Stravinsky, Igor Feodorovich
STRAVINSKY, IGOR FEODOROVICH
Russian composer; b. Oranienbaum, near St. Petersburg, Russia, June 17, 1882; d. New York, April 6, 1971. Although Igor's father, Feodor Stravinsky, was a bass in the St. Petersburg Imperial Opera, Igor was permitted to devote himself to music only after four desultory years as a law student. He worked under the tutelage of Nicolai Rimsky Korsakov from 1903 until the latter's death in 1908. Stravinsky's friendship and collaboration with the choreographer Sergei Diaghilev led to the three ballets that established the composer's reputation: The Firebird (1910), Petrushka (1911), and The Rite of Spring (1913).
He left Russia for good in 1914, and spent the period between the world wars in Switzerland and then France, a time corresponding to Stravinsky's so-called "neoclassical" period, during which he generally employed smaller performing forces (although this was in part due to economic necessity, especially during the World War I years) and compositional techniques that seemed conservative compared to the revolutionary Rite of Spring. He subsequently settled in Hollywood and became a U.S. citizen. With an output in excess of 100 works, he dominated the world of music for more than half a century. His own musical language never ceased to grow and develop; all centuries provided him with musical and literary source matter, which he assimilated into his own technique. His adoption of serialism in the 1950s was no conversion to doctrinaire academic avant-gardism, but the absorbtion of the technique within his own musical language.
Stravinsky wrote a number of sacred compositions, or pieces on religious subjects, several of which rank among his major works. His earliest sacred piece, the Pater Noster (1926) for unaccompanied chorus, is a simple setting in the style of Russian liturgical chant. It has been published with both the Latin and Old Slavonic texts. With it belong his Credo (1932) and Ave Maria (1934). Among his most popular works is the Symphony of Psalms (1930), a three-movement setting of Latin Psalm texts for chorus and orchestra. In addition, he wrote Mass (1948), Canticum Sacrum (1956), Threni (1958), A Sermon, A Narrative, and A Prayer (1962), Noah and the Flood (1962), Abraham and Isaac (1964), and Requiem Canticles (1966). Stravinsky, a lifelong Russian Orthodox, insisted that a composer of sacred music must himself be a believer. He had a special regard for the great composers of sacred music, from the Renaissance masters to Bach. Of his own works, only the Mass was written with the possibility of liturgical use in mind, but all are profound and significant contributions to the sacred repertory. Latin intrigued him; in addition to the sacred works, he used a Latin libretto in Oedipus Rex (1927), a translation by Jean Daniélou fron Jean Cocteau's original. He was decorated by Pope Paul VI in 1965.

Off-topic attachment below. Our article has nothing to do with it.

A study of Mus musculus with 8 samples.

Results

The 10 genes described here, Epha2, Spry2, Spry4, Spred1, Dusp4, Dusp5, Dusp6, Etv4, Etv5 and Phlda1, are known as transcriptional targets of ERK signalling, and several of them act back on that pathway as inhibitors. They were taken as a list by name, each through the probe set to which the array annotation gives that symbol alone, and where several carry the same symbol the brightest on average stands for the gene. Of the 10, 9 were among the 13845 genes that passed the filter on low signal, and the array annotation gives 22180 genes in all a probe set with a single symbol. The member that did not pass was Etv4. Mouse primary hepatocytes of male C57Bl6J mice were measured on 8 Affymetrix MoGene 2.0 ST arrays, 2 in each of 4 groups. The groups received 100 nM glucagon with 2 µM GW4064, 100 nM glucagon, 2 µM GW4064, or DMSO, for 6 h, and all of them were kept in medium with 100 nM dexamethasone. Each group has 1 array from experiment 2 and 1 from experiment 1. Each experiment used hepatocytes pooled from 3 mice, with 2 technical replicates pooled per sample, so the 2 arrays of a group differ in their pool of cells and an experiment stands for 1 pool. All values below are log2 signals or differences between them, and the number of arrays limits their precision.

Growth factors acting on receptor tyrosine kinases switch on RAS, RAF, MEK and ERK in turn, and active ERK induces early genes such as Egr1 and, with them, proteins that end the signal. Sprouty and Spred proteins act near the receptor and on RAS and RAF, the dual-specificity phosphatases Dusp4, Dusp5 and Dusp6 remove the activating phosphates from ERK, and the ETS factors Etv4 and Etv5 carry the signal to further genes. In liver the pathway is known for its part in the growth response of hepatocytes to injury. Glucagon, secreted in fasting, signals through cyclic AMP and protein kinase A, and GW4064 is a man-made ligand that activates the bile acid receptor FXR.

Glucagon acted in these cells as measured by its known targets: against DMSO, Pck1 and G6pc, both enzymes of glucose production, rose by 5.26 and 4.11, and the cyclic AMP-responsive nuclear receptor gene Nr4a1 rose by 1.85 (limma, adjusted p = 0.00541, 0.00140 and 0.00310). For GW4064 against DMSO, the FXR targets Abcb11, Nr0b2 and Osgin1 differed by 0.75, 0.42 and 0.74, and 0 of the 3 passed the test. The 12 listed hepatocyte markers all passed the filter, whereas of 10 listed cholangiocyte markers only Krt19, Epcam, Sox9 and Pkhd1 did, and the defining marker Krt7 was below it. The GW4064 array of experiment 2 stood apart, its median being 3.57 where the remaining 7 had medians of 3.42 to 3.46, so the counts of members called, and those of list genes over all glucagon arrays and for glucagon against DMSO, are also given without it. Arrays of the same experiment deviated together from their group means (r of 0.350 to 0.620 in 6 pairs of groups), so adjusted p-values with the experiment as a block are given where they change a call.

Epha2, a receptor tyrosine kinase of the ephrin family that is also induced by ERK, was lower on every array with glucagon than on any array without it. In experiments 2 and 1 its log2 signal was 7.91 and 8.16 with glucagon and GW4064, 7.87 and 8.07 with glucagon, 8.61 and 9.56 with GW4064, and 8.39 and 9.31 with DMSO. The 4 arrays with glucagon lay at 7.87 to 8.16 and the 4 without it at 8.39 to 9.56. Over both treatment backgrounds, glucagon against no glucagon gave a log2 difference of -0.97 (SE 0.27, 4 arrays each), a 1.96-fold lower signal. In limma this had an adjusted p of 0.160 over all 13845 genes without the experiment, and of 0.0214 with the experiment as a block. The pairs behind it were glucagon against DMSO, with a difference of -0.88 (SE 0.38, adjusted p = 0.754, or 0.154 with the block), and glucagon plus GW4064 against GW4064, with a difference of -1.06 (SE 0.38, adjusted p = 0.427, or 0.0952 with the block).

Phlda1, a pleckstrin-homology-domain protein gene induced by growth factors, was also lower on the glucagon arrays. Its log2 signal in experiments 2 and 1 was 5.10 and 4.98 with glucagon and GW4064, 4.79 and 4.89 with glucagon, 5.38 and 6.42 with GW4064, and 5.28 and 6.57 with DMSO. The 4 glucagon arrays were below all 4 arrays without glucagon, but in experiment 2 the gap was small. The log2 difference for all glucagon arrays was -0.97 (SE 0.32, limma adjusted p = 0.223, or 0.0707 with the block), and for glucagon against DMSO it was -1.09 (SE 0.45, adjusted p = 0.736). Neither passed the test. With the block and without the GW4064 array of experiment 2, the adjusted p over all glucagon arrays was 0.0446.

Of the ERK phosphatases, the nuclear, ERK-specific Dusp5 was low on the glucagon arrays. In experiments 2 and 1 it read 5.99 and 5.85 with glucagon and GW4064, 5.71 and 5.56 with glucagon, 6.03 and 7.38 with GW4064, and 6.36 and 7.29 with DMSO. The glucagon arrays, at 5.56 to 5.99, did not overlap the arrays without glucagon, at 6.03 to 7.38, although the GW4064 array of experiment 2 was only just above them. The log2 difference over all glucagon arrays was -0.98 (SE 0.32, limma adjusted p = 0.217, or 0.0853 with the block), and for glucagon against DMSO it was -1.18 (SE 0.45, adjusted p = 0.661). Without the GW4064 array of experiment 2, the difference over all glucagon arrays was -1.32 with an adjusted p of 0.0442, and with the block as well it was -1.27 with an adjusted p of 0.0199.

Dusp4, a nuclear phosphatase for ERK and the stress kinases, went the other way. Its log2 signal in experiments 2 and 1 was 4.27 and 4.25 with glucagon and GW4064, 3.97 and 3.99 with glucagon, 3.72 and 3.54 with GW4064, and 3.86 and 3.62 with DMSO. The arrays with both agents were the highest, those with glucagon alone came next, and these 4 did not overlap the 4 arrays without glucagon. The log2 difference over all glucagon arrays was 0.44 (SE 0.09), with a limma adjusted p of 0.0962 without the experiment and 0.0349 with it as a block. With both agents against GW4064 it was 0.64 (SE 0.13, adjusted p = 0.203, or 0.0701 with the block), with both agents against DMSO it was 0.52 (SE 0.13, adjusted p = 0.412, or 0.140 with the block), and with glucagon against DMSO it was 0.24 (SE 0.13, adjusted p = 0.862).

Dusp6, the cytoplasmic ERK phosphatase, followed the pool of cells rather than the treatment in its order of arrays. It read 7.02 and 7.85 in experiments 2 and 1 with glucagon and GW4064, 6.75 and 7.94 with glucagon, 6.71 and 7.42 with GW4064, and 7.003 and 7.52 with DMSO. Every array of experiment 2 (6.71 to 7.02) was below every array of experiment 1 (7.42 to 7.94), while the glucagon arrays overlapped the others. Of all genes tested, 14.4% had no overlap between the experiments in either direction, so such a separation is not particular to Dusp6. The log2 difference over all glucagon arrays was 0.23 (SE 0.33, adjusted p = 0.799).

In 1947 Stravinsky took on as his musical assistant the young American conductor Robert Craft. Craft also became his mentor's amanuensis; six volumes of dialogues between the two appeared, the major source for Stravinsky's thoughts and presumably in the composer's own words. The accuracy of some of these dialogues, especially the later ones, has occasionally been questioned, and Lillian Libman, Stravinsky's concert manager, has published an account of the composer's last years that differs on some points with Craft, while shedding some light on the latter's personality. Future research may clarify these matters, especially when Stravinsky's papers become available to scholars.
Bibliography: i. stravinsky, Stravinsky: An Autobiography (New York 1936); The Poetics of Music (Cambridge, Mass. 1948). i. stravinsky and r. craft, Conversations with Igor Stravinsky (Garden City, N.Y. 1959); Memories and Commentaries (Garden City, N.Y. 1960); Expositions and Developments (Garden City, N.Y. 1962); Dialogues and a Diary (Garden City, N.Y. 1963); Themes and Episodes (New York 1966); Retrospectives and Conclusions (New York 1969). r. craft, Stravinsky: Chronicle of a Friendship (New York 1972). l. libman, And Music at the Close: Stravinsky's Last Years (New York 1972). e. w. white, Stravinsky: The Composer and His Works (Berkely, Calif. 1966). r. vlad, Stravinsky (2d ed. New York 1967). b. boretz and e. t. cone, Perspectives on Stravinsky (New York 1972). e. h. buxbaum, "Stravinsky, Tempo, and Le Sacre," Journal of the Conductors' Guild 13 (1992) 32–39. j. knjazeva, "Jacques Samuel Handschin–Igor Stravinskij: Eine noch unbekannte Seite des Dialogs," Die Musikforschung 52 (1999) 207–211. a. sopart, "Der Einfluss des russischen Theaters um 1910 auf die dramaturgische Technik von Stravinskijs Renard, " Die Musikforschung 53 (2000) 60–68. p. truman, "An Aspect of Stravinsky's Russianism: Ritual," Revue Belge de Musicologie 46 (1992) 225–246.